Los Angeles police Detective Steve Krauss and other police officials have this month provided business owners with security tips after a 65-year-old homeless woman was sentenced to County Jail for breaking into Sherman Oaks businesses along Ventura Boulevard using store restroom keys.
Cheryl Hampstead pleaded guilty earlier this month to burglarizing two locations and was sentenced to 15 months in jail. However, police believe she may have burglarized at least eight businesses in total, some of them perhaps multiple times, and possibly others.
“Basically, she had a good little scam going,” Krauss said. “She’d go in and use a restroom key, take off with it and then come back at night and use the same key to try the locks on the business door. She jiggled the lock and told us that many times it worked on various locks.”
The series of break-ins began in May when retail store owners and those with businesses in office buildings reported thefts of small items such as pens, cash from employee tip jars and, in one instance, a jacket owned by a rabbi. But police were puzzled because no doors or windows were forced open.
They solved the case when a surveillance video at a Baskin-Robbins store showed the woman jiggling the lock outside the store. As a result of the burglaries, Krauss has attended community meetings to provide security tips to businesses. They include:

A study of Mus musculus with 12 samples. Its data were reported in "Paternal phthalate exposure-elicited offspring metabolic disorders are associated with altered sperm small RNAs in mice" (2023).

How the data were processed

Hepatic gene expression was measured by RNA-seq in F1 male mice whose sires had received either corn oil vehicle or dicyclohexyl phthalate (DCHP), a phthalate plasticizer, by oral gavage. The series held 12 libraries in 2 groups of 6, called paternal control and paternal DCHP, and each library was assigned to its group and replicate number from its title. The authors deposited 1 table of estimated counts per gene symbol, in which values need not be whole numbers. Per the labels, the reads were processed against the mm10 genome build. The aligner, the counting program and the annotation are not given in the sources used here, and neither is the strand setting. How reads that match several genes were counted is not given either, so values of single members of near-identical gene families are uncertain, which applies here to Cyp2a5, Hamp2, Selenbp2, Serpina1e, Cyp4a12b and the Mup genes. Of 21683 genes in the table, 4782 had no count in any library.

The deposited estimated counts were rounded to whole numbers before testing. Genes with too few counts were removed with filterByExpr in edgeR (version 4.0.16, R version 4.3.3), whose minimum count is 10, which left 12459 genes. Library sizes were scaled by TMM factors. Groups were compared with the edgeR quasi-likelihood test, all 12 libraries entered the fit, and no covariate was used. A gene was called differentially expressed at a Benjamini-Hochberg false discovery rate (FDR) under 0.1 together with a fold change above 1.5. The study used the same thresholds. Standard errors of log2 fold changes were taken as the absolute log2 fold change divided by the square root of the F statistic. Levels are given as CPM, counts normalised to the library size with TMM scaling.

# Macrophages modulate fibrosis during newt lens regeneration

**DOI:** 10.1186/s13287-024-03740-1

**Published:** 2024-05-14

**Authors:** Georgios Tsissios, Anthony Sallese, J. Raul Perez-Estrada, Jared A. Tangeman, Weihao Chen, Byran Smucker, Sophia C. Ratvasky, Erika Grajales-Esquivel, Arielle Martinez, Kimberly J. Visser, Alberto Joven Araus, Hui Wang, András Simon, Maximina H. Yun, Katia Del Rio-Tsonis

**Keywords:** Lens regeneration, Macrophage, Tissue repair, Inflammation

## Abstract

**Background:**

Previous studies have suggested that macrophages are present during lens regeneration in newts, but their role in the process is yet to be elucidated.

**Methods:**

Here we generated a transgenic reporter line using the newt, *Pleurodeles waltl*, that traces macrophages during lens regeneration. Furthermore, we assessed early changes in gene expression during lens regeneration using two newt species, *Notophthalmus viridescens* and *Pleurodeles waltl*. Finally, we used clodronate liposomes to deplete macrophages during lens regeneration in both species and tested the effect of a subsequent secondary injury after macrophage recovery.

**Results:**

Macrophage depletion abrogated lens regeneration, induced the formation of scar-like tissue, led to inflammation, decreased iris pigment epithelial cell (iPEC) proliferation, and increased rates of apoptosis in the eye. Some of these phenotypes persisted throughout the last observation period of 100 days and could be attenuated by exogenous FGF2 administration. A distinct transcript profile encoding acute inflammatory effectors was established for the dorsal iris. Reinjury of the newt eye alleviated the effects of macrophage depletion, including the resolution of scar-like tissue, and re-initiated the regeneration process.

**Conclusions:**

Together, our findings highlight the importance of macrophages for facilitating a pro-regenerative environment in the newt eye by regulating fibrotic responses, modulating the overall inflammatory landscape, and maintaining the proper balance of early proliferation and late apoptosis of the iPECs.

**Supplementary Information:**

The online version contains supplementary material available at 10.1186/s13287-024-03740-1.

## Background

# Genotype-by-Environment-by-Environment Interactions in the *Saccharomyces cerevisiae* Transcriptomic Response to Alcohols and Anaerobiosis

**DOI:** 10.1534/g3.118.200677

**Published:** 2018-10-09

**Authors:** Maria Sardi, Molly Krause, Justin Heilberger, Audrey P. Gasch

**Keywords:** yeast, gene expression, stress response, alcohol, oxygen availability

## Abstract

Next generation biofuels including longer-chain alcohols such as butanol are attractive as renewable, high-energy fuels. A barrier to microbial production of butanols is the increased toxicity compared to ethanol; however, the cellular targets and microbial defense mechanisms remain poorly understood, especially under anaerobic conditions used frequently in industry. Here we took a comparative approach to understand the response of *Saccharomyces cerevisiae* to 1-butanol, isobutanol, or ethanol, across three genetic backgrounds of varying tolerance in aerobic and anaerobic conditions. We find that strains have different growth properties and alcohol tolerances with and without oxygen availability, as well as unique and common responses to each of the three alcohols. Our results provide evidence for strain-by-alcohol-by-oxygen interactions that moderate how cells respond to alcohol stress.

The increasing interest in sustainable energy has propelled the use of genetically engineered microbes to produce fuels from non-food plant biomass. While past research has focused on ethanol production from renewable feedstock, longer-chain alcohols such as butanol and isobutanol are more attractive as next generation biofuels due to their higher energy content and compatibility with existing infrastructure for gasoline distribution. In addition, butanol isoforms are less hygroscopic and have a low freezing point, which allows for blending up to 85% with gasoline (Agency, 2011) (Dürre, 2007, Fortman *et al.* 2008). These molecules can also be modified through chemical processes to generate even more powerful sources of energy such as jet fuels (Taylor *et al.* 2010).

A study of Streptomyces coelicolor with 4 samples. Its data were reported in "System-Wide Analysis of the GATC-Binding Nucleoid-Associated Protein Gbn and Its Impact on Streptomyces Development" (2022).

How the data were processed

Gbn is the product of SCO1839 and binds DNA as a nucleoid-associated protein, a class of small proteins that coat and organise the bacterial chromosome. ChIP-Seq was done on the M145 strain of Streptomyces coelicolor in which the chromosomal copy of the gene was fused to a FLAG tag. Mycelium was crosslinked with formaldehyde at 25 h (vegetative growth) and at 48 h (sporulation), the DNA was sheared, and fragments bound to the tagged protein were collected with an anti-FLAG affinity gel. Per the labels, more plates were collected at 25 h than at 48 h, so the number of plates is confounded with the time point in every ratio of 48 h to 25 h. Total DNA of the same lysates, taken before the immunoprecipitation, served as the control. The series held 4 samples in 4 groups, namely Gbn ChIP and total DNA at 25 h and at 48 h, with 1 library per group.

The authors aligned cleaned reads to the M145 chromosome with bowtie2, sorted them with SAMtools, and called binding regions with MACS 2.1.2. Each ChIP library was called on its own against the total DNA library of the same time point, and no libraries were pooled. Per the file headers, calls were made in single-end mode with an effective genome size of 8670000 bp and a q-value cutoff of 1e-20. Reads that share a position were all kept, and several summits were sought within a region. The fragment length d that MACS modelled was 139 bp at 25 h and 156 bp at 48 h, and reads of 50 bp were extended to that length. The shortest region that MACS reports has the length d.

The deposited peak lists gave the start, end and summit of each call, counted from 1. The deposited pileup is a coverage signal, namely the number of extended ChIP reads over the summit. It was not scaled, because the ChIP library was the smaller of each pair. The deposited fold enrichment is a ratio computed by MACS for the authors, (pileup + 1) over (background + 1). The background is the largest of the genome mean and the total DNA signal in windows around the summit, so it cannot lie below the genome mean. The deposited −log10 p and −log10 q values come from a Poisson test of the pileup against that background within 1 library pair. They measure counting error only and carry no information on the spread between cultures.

- Provide restroom keys only to customers.
- Install an alarm system, preferably an audible one.
- Install a security video camera and make sure that it works, the picture is sharp and it operates overnight when no one is in the store.
- If the cash register can be seen from outside the store, leave it wide open with the empty money tray on the counter, to show potential thieves that there is nothing to steal.
- Secure the property with bars, if possible.
"A lot of folks don’t like bars,” Krauss said. “But if you have them and your neighbor doesn’t, they’re more likely to leave you alone and go for your neighbor.”
Locksmith Vikki Flam, who co-owns in Sherman Oaks, added that a likely reason Hampstead was able to enter stores using restroom keys is that business owners frequently install the same brand of lock in both places.
Keys from one lock brand will often fit into other locks of the same brand. Though the key may not turn the lock at first, jiggling it can force all the parts in the lock’s cylinder to align themselves and the lock opens.
It’s similar to “key bumping,” in which a blank key that fits specific brands of locks is inserted and hit with a hammer, causing all the lock parts to align in a straight line and turn the lock, Flam said.
To prevent that, she recommended high-security locks. With interior parts at different angles, they can’t be picked or bumped to open. These locks can cost $185 compared to about $25 for a regular lock, Flam said.
Hampstead could be released in as little as four months, given how jail time is computed, Krauss said.
“Some people asked us why we’re filing charges against her [given her age]?” he added. “But look how many places she hit. And she’ll be out pretty quick.”